As the European Union introduces a common currency to world financial markets, Mark Mazower's Dark Continent critically examines the notion of "Europe." The Euro notwithstanding, Mazower argues that the "'Europe' of the European Union may be a promise or a delusion, but it is not a reality." Renouncing the notion of an essential "Europe," Mazower instead explores the conflicts which dominated the continent in the 20th century and the social value systems which informed them.
An original 1894 manuscript is brought back to life in Trident's reproduction of this Civil War treasure. Page after page of maps, photos, and illustrations, along with vivid text, will make Campfire and Battlefield a favorite among Civil War buffs. From the preliminary events of the war to the women who contributed to the cause, a complete history of the war is here including statements from Generals, their wives, and the enlisted men who fought for what they believed.
Hitler made two fundamental and crippling mistakes during the Second World War: The first was his whimsical belief that the United Kingdom would eventually become his ally, which delayed his decision to launch a major invasion of Britain, whose army was unprepared for the force of blitzkrieg warfare. The second was the ill-conceived Operation Barbarossa--an invasion of Russia that was supposed to take the German army to the gates of Moscow.
Little is known--and less has been published--about American submarine espionage during the Cold War. These submerged sentinels silently monitored the Soviet Union's harbors, shadowed its subs, watched its missile tests, eavesdropped on its conversations, and even retrieved top-secret debris from the bottom of the sea. In an engaging mix of first-rate journalism and historical narrative, Sherry Sontag, Christopher Drew, and Annette Lawrence Drew describe what went on.
By the time of his death in 323 B.C., Alexander III of Macedonia had built an empire that stretched from the eastern Mediterranean coast through Asia Minor and into the Indus valley. Even before his sudden death, Alexander had achieved mythical status throughout his kingdom, and in the centuries that followed his life became the subject of countless chronicles and biographies.
More than fifteen centuries after its fall, the Roman Empire remains one of the most formative influences on the history of Europe. Its physical remains dot the landscape from Scotland to Syria. Its cities are still the great metropolises of the continent. Its law and institutions have shaped modern practice, and its ideal of a united Europe has haunted politicians ever since.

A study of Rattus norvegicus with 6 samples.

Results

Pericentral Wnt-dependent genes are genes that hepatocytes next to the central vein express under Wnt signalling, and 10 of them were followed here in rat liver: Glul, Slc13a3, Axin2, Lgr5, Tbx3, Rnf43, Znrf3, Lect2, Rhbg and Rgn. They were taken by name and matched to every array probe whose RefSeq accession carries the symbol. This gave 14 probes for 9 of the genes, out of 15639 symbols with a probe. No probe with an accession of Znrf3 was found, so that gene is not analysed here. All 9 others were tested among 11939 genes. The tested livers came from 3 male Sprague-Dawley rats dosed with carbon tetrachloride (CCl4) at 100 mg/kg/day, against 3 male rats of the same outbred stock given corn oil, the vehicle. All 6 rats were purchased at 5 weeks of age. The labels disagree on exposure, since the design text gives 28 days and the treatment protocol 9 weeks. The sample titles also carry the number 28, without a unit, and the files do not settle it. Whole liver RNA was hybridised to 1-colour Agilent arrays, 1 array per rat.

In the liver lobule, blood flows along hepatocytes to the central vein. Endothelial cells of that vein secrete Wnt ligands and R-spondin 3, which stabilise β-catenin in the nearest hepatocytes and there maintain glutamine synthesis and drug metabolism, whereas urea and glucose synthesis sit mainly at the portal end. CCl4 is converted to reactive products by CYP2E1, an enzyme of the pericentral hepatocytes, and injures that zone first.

At long last, the familiar and overused photographs of the "Day of Infamy" can be retired. The 430 prints in this new and welcome collection were gathered from various Japanese and U.S. sources, and most have never been seen by the general public. The majority were taken during the height of the air raid itself, many from Japanese cockpits.
In the tradition of John Reed's classic Ten Days That Shook the World, this bestselling account of the collapse of the Soviet Union combines the global vision of the best historical scholarship with the immediacy of eyewitness journalism.
A riveting account of the fall of Greece, the Battle of Crete, and the Cretan Resistance, from the beginning of World War II to its end.
Few battles in World War II can surpass Crete for high drama, both on land and sea. Beevor, formerly of the 11th Hussars, writes about that battle with a soldier's eye and a historian's insight. Crete was a campaign unique in many respects, not the least of which was its ferocity. Beevor has a flair for re-creating the historical moment, and during sections of the text even the most detached reader will pause to catch a breath.
In 338 B.C. Philip II of Macedon established Macedonian rule over Greece. He was succeeded in 336 B.C. by his son Alexander the Great, whose conquests during the next twelve years reached as far as the Russian steppes, Afghanistan, and the Punjab, thus creating the Hellenistic world.